The Simple Way to Teach Your Dog to Catch
Trying to teach your dog how to catch?
You’re not alone.
Fetching and chasing down toys seems to come naturally to all dogs, but catching doesn’t. Not all dogs will catch stuff naturally, some need a bit of encouragement to learn how to catch.
Why Doesn’t My Dog Know How to Catch?
Many new dog owners are perplexed by their dogs inability to catch. “My new Lab puppy won’t catch toys, what’s wrong with him?” Your dog isn’t the only one. He’s not defective, and he’s not dense, it’s just something that doesn’t come natural to all dogs. What’s even more surprising is that some of the most famous ‘non catching’ dogs are Retrievers; the ones where fetching comes so naturally.
Our Lab growing up wasn’t a natural either. We’d toss treats, popcorn, and tennis balls his way and he’d just let them land where they may, often bouncing right off of his face. Once they hit the ground he’d grab em, but he made no attempt to actively catch.
Learning to catch can be difficult; especially for puppies. It’s not something that just comes naturally to all dogs. And those heavy toys hurt when they land on your face, so start out small.
Most of our dogs love playing fetch and chasing down an object, but not all dogs are natural catchers. With a little bit of encouragement you can make your dog look like a natural.
How to Teach Your Dog to Catch
When you’re teaching your dog how to catch it’s important to start with a soft object. If your dog gets hit in the face with something hard it’s not only painful, it will probably discourage him from trying to catch again.
Using treats or a soft toy are great for teaching dogs to catch. If your dog isn’t motivated to catch on his own you can try playing a game of puppy in the middle.
How to Teach Your Dog to Catch With Treats
Avoid unpleasant associations by starting with small objects – don’t start by throwing a heavy toy at your dogs face. If he doesn’t catch the toy he’s just going to end up associating tossing with getting hit in the face with a heavy Kong.
Starting with food is great because the object is it’s own reward. Grab some small dog treats and have your dog sit in front of you. Throw the treat up in the air towards your dog. If he doesn’t catch it pick it up so he can’t eat it. Eventually your dog will get frustrated that he’s not getting his treats and he’ll be more apt to try catching it before you take it back.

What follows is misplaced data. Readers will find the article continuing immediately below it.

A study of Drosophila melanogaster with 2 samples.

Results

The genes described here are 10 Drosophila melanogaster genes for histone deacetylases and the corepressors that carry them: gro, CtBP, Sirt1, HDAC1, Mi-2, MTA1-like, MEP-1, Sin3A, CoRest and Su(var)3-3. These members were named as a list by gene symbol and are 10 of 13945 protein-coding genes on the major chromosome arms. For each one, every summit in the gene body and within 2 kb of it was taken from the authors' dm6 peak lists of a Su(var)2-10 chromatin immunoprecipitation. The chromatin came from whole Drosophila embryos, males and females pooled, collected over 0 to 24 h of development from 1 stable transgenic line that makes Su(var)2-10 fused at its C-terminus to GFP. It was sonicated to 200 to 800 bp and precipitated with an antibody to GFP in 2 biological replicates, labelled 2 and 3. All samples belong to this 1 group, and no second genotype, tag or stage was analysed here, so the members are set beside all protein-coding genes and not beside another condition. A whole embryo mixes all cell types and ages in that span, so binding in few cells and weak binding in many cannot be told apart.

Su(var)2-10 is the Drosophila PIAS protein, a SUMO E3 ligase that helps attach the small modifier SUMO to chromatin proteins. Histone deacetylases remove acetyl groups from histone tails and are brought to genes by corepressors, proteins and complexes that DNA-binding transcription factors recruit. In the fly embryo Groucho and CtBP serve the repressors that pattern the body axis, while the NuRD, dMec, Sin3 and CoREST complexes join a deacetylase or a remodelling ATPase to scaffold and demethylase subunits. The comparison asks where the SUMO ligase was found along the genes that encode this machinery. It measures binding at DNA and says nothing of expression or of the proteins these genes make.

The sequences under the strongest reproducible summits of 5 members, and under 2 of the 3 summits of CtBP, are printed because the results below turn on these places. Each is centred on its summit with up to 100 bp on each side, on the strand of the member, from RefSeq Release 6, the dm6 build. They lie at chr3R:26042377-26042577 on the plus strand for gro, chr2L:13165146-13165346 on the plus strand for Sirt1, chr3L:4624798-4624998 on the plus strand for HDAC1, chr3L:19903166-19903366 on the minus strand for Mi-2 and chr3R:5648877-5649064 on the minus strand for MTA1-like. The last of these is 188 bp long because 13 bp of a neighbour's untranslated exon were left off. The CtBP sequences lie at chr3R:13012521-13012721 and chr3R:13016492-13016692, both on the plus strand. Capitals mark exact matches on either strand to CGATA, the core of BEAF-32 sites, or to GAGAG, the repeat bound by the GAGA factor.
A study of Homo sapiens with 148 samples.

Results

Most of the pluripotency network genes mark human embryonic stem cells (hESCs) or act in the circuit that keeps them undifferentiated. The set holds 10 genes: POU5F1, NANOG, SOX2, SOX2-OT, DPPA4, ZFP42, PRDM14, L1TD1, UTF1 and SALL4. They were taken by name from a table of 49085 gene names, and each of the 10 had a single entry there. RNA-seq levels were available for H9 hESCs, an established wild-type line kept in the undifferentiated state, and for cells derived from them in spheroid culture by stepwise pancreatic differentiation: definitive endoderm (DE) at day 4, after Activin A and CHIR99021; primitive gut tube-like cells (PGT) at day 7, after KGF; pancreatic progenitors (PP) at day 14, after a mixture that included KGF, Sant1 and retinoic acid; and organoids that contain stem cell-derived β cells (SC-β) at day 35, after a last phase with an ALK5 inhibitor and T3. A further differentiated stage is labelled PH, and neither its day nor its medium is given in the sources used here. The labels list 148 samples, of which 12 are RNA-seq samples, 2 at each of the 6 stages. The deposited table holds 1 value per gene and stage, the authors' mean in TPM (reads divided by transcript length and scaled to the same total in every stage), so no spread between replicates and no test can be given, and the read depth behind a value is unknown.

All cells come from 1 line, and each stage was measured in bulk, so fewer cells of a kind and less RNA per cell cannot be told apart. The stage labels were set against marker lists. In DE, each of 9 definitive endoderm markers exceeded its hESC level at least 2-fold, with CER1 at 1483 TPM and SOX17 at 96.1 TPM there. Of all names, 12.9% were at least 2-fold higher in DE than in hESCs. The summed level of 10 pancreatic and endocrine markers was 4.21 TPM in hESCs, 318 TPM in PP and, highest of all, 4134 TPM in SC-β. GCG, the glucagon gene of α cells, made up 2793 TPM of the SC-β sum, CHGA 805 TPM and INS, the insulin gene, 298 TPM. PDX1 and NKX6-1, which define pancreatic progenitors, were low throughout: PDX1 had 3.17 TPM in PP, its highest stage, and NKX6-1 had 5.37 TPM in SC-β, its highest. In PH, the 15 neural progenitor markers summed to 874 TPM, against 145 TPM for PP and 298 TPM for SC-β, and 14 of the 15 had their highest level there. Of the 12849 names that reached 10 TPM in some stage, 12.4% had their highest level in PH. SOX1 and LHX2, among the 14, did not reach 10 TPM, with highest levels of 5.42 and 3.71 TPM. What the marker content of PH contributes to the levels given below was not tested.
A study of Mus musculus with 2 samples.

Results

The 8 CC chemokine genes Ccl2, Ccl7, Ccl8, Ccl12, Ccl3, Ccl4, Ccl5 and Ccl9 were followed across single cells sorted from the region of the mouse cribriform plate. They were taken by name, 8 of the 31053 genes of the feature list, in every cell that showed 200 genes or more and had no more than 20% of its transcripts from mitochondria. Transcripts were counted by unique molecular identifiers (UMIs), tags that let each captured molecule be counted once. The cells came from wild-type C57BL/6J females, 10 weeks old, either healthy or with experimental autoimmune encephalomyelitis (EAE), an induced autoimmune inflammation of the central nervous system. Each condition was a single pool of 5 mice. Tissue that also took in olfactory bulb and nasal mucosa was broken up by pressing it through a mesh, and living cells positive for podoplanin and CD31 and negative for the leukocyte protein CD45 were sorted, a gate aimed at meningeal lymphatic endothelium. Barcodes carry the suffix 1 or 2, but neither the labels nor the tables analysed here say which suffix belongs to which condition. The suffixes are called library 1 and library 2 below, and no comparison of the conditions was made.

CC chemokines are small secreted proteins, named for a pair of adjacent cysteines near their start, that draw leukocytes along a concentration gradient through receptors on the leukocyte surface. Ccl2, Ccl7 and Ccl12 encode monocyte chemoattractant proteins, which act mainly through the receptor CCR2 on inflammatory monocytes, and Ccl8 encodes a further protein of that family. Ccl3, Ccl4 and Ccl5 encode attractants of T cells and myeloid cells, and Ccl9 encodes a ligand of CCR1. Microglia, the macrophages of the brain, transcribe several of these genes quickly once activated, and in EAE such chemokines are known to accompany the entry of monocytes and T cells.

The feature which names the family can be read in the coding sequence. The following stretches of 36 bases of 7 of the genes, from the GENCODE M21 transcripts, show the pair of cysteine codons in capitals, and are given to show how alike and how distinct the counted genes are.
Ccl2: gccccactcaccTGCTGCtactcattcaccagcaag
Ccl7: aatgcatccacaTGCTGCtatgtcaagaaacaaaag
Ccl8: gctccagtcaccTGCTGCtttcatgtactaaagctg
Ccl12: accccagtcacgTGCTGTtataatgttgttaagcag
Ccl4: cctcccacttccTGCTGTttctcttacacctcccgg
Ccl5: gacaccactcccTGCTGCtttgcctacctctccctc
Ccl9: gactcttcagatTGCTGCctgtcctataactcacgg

After your confident in your dogs ability to catch you can introduce some lighter toys such as a tennis ball. If you have a puppy I’d recommend bouncing a tennis ball and encouraging them to catch that way; big toys can hurt a pup’s teeth.
Your dog might not be the next Yogi Berra; but you can teach him a pretty decent catch.
How to Teach Your Dog to Catch With Treats
- Grab some dog treats
- Have your dog sit in front of you
- Get their attention as you toss the treats their way
- If the treat hits the floor scoop it up and try again
Grabbing the treats before they have the chance to scoop them up will encourage them to figure out a way to get it first. Most dogs will catch on pretty quickly and start attempting to catch. Reward them and encourage further catching by letting them know what an awesome job they did.
Play Puppy In The Middle to Encourage Catching
You remember monkey in the middle don’t you? How hard did you try to catch that darn toy when you were a child?
Puppy in the middle is one of my favorite ways to encourage a reliable recall, and it’s one of the quickest ways to encourage a dog to catch.
Grab a partner and pick up one of your dogs soft toys. Toss the toy back and forth with your dog in the middle, and make it look like the funnest game in the world. What dog can resist joining in when their family is having fun?
Your dog will start to show interest and try to join in. You can encourage catching by tossing the toy low enough for your dog to catch it easily. Now you have a dog that’s associating catching with fun, and you’ve got yourself a new game to play.
Check out this short video of puppy in the middle in action.
Now That Your Dog Catches Like a Pro
After your dog gets pretty good at catching you can try out a frisbee. Playing a game of frisbee with your dog is a easy way to keep them active. We started with this soft Chuckit! disc because it’s soft and flexible, great for beginners.
Looking for some more simple ways to play with your dog? Studies have shown that does that actively engage in play have fewer behavioral problems.
Keep your dog mentally and physically stimulated by adding some more simple indoor games and activities to your routine. Not only will more active play keep your dog busy and tired, it’ll keep him out of trouble.
How Did You Teach Your Dog to Catch?
Did you start with treats or play puppy in the middle? Or was your dog a natural?
Laika was not a natural at all when it came to catching; I can’t tell you how many times I’d toss something her way and she’d just let it bounce right off. No natural instinct to either catch or duck.
To get her interested in catching we played puppy in the middle; it’s amazing how quickly she caught on.